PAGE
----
Women beware! Here’s why scare tactics work best on the ladies
Fear tactics are used to influence behaviour of a person. A new study shows that they work better on women resulting in undesirable outcomes.more lifestyle Updated: Oct 23, 2015 18:39 IST
Research reveals how fear can be used to influence attitudes and behaviours, especially among women.
These appeals are effective at changing attitudes, intentions and behaviours. There are very few circumstances under which they are not effective and there are no identifiable circumstances under which they backfire and lead to undesirable outcomes, said University of Illinois’ Dolores Albarracin.
Fear appeals are persuasive messages that emphasize the potential danger and harm that will befall individuals if they do not adopt the messages’ recommendations. While these types of messages are commonly used in political, public health and commercial advertising campaigns (e.g., smoking will kill you, Candidate A will destroy the economy), their use is controversial as academics continue to debate their effectiveness.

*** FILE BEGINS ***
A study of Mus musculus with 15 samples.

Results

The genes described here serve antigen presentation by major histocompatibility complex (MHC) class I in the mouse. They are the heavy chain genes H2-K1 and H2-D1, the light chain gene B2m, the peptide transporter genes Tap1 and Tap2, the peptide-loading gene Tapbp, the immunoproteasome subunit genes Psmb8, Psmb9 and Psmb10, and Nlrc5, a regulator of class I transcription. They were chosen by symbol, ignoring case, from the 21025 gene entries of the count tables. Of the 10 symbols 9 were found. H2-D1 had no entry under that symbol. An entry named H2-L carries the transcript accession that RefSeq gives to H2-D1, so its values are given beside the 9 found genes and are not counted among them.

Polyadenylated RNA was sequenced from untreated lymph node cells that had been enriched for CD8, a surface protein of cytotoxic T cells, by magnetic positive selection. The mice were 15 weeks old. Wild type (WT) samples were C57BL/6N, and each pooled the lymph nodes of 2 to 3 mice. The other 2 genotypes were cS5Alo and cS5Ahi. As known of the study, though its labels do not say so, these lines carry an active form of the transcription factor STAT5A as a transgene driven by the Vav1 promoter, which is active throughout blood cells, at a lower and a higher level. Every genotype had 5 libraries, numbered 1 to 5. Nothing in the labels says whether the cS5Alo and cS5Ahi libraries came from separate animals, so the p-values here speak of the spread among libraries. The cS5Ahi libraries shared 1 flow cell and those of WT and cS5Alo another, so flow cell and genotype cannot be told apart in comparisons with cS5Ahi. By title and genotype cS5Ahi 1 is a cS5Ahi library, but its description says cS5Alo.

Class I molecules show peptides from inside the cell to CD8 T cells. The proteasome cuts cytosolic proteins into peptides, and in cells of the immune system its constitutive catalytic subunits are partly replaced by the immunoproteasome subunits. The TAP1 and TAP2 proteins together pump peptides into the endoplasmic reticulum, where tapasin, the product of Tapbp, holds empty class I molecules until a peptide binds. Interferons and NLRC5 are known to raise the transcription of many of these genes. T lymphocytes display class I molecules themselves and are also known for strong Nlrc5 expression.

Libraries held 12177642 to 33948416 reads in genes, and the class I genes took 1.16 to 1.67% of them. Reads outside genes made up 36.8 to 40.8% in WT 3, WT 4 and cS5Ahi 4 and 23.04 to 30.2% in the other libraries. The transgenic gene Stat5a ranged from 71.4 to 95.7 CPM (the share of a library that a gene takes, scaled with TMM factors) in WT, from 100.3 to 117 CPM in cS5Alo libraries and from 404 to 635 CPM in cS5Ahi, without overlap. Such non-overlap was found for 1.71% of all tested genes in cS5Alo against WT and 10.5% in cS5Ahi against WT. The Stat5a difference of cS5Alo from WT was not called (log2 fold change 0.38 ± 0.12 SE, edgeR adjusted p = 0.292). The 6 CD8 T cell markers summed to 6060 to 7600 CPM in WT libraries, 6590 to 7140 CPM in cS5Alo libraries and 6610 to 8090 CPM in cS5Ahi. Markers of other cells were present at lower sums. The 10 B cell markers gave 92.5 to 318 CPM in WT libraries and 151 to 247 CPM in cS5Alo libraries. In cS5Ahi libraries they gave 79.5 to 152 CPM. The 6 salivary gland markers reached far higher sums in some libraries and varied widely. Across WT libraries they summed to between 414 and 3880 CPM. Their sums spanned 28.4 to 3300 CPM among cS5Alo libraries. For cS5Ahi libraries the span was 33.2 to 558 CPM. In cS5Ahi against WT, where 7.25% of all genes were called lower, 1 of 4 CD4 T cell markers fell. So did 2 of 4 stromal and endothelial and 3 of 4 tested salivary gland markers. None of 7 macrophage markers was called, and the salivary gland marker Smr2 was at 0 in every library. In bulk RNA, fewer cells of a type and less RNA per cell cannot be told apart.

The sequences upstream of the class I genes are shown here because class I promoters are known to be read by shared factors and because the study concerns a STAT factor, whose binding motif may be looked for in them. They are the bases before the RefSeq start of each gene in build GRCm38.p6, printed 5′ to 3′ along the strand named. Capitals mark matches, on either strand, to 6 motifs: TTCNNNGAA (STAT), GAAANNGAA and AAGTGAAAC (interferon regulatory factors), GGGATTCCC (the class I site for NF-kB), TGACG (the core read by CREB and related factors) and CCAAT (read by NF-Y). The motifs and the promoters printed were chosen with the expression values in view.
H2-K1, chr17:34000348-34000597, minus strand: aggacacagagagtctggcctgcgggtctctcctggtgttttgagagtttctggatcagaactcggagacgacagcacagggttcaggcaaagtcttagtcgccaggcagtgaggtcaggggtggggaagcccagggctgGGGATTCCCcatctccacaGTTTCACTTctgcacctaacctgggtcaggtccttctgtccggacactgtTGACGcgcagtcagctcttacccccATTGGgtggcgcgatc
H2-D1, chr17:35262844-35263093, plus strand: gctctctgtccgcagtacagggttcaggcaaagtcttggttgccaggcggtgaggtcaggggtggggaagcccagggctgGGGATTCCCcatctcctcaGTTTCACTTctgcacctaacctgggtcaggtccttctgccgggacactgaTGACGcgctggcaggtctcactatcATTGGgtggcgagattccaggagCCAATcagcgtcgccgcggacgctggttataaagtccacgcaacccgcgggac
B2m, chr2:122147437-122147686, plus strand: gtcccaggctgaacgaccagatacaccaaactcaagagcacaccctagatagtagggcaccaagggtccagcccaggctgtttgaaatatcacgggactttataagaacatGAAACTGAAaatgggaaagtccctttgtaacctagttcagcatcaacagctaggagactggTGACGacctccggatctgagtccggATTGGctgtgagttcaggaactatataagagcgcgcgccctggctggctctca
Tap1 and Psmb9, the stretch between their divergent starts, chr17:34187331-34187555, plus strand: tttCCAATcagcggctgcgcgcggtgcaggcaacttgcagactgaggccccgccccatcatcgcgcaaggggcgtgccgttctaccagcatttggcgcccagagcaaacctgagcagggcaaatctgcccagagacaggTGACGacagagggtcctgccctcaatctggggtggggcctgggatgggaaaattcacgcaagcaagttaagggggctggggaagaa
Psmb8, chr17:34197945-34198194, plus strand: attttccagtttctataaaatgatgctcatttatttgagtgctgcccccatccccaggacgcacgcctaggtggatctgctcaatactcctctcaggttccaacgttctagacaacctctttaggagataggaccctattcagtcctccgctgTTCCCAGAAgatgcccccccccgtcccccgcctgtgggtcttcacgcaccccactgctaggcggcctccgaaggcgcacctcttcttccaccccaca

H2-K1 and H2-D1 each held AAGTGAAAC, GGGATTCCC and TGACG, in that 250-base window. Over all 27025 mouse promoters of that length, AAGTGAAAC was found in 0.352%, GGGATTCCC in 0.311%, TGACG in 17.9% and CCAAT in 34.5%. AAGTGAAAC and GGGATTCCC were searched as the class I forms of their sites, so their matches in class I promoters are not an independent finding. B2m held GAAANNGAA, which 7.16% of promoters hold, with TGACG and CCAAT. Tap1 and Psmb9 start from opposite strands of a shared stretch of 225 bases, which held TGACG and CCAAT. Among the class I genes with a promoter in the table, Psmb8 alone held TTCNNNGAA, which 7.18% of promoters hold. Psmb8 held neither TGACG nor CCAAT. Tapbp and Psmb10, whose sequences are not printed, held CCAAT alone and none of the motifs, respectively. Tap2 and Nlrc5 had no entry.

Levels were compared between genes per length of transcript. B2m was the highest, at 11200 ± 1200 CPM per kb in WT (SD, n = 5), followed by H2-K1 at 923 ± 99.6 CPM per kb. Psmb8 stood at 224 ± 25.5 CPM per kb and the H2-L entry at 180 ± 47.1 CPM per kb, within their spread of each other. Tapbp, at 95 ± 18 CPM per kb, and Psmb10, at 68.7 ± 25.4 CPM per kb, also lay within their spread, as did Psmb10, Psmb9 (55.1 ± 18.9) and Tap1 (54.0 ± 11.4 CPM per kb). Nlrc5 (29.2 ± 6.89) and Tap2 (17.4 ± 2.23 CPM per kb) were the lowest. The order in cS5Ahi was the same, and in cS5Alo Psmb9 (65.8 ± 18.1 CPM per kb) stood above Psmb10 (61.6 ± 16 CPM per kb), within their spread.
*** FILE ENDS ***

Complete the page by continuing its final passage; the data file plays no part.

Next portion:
Researchers found fear appeals to be effective, especially when they contained recommendations for one-time only (versus repeated) behaviours and if the targeted audience included a larger percentage of women. They also confirmed prior findings that fear appeals are effective when they describe how to avoid the threat (e.g., get the vaccine, use a condom).
More important, said Albarracin, there was no evidence in the meta-analysis that fear appeals backfired to produce a worse outcome relative to a control group.
She noted that the studies analysed did not necessarily compare people who were afraid to people who were unafraid, but instead compared groups that were exposed to more or less fear-inducing content. Albarracin also recommended against using only fear-based appeals.
“More elaborate strategies, such as training people on the skills they will need to succeed in changing behaviour, will likely be more effective in most contexts. It is very important not to lose sight of this,” she said.
The study is published in the journal Psychological Bulletin.